Following rumors last month that CD Projekt investors are considering legal action to recover damages, a class-action lawsuit has been filed against the Polish game company for misleading its investors on the state of Cyberpunk 2077.
An unconfirmed number of investors who purchased CD Projekt stock in the United States between January 16 and December 17 last year are now suing the Polish parent company of Cyberpunk 2077 and The Witcher (via VG247) under the the federal securities laws.
The lawsuit states that CD Projekt “failed to disclose that Cyberpunk 2077 was virtually unplayable on the current-generation Xbox or Playstation systems due to an enormous number of bugs.” The lawsuit also states that “CD Projekt would suffer reputational and pecuniary harm; and as a result, defendants’ statements about its business, operations, and prospects, were materially false and misleading and/or lacked a reasonable basis at all relevant times.”
CD Projekt has officially acknowledged the class-action lawsuit and “will undertake vigorous action to defend itself against any such claims.”
Cyberpunk 2077 was released last month after being in development for more than eight years and being delayed three times. The final product was messy and half-baked particularly on last-generation consoles where the game was almost unplayable. CD Projekt Red will be bringing out two major patches in January and February to address all said issues. Based on a recent rumor though, those patches have been delayed to mid-March and further improvements will hopefully turn around the game in a No Man’s Sky-like comeback.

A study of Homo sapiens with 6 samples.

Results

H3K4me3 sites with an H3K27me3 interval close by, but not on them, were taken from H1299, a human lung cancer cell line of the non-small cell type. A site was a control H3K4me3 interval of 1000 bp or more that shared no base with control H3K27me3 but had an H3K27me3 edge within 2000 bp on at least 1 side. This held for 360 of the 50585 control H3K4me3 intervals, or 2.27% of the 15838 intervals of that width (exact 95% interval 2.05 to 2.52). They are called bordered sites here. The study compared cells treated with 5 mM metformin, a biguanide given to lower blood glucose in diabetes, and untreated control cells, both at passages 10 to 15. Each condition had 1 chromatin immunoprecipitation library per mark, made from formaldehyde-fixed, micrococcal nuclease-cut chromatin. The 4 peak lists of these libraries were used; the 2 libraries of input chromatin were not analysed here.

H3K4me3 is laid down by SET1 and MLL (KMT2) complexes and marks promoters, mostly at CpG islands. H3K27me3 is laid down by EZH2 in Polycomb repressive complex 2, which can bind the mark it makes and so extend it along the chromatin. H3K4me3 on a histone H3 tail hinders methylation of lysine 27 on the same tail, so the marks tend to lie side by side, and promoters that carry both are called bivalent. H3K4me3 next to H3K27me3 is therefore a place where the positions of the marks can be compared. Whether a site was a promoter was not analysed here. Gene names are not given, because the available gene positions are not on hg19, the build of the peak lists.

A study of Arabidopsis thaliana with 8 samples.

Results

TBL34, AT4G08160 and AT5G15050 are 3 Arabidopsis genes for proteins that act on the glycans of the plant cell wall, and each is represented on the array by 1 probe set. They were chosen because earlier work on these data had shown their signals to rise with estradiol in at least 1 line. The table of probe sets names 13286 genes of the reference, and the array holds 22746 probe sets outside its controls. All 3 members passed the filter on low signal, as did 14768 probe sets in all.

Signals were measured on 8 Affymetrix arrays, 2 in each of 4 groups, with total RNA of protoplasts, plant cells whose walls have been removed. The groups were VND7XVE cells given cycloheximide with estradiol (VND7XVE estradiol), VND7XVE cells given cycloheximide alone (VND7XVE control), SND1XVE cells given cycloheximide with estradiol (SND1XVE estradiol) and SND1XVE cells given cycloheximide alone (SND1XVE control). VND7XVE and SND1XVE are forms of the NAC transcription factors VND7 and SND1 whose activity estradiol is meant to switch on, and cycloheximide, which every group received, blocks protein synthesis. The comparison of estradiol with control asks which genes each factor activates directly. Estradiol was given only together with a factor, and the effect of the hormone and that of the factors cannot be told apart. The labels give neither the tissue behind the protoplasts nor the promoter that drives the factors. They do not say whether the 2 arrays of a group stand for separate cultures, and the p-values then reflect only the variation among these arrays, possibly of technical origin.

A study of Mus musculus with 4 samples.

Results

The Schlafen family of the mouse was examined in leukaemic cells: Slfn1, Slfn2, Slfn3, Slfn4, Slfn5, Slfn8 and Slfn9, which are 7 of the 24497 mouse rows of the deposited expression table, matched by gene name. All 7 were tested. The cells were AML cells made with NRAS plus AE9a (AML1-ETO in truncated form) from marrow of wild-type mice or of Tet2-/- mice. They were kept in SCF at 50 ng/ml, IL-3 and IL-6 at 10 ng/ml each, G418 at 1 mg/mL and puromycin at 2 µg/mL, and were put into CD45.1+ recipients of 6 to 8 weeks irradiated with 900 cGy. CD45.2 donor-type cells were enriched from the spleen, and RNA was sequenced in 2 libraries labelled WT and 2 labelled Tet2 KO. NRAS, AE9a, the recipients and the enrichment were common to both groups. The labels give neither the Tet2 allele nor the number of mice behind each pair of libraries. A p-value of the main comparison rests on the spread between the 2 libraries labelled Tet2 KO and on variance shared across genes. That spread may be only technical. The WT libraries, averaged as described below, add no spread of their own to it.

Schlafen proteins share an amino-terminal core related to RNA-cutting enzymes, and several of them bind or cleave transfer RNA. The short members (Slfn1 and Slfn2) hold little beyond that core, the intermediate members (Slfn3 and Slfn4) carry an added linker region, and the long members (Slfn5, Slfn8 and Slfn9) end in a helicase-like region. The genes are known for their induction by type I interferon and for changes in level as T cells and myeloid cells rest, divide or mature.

Despite the rocky and rather disappointing launch, Cyberpunk 2077 managed to earn back all of its expenses incurred through pre-orders alone. That covers development expenses as well as marketing and promotional expenses to date and planned until the end of 2020.
CD Projekt sold more than 8 million pre-orders across consoles and PC and has since then sold an additional 5 million copies, something the Polish company continues to reflect upon to calm down its investors. That being said, more class-action lawsuits will probably get filed by investors in the coming months as more investors begin to see red.